Sunday, September 20, 2009

Whose blog is this, anyway?

Words If you enjoy words and word usage, it is your blog! Lori, Guido, and I may be the ones posting, but we share a love of language and have a mutual interest in a continued effort to improve and learn, and have some fun along the way.

My topic today is reflected in the title of this entry: who's vs. whose.

The apostrophe has been the topic here twice before: here and here. It's always worth repeating, because a misplaced apostrophe can change a well-intentioned phrase to nonsense.

Who's is a contraction of who is or who has. An appropriate use would be "Who's got the football?" or "Who's going with me to the football game?"

Whose is the possessive of who, and is used to show...well, possession. "Whose football is this?" or "Whose house are we watching the football game at?" (You could also say "At whose house are we watching the football game?" but that sounds a little stilted.)

As with other contractions, a good way to remember which is correct is to expand the contraction. In the first case, "Who has got the football?" makes sense. In the second case, "Who is football is this?" makes no sense whatsoever.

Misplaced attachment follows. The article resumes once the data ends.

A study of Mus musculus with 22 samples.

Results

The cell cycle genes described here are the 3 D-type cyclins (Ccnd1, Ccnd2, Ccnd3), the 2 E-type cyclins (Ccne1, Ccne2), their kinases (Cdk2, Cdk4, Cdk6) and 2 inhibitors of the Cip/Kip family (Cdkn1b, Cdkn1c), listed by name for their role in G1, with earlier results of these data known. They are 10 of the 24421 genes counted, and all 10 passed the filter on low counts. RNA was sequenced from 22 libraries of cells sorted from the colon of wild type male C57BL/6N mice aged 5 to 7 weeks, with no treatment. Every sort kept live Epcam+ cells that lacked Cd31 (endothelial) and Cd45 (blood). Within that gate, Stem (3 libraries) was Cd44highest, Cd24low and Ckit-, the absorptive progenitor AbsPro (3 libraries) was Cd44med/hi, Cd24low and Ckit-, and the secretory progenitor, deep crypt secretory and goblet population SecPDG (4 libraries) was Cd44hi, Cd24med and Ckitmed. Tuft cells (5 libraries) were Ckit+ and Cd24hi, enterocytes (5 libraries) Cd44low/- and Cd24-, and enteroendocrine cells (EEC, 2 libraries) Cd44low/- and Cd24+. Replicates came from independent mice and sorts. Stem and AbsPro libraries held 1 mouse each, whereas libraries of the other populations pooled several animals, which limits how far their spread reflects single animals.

As for the score...who's counting?

Tuesday, September 8, 2009

I'm not exaggerating!

At least not when it comes to the word literally.

I think we all see this word misused often; in the worst misuse, I've heard people say "Literately." [cringe]

The word means actually or without exaggeration. If you use it as merely an intensifier, you are probably misusing it. An example is "I was so angry, I literally saw red." Unless you actually had a crimson pall come across your vision, you didn't "literally" see red. However, if you say, "I was so angry that I burst a blood vessel in my eye; I literally saw red," that would be appropriate.

Make sure that if you use literally, you are presenting an accurate approximation of what really happened or what you really felt, without exaggeration. "Literally" is not meant to be used as a metaphor, but as a true representation of events or feelings.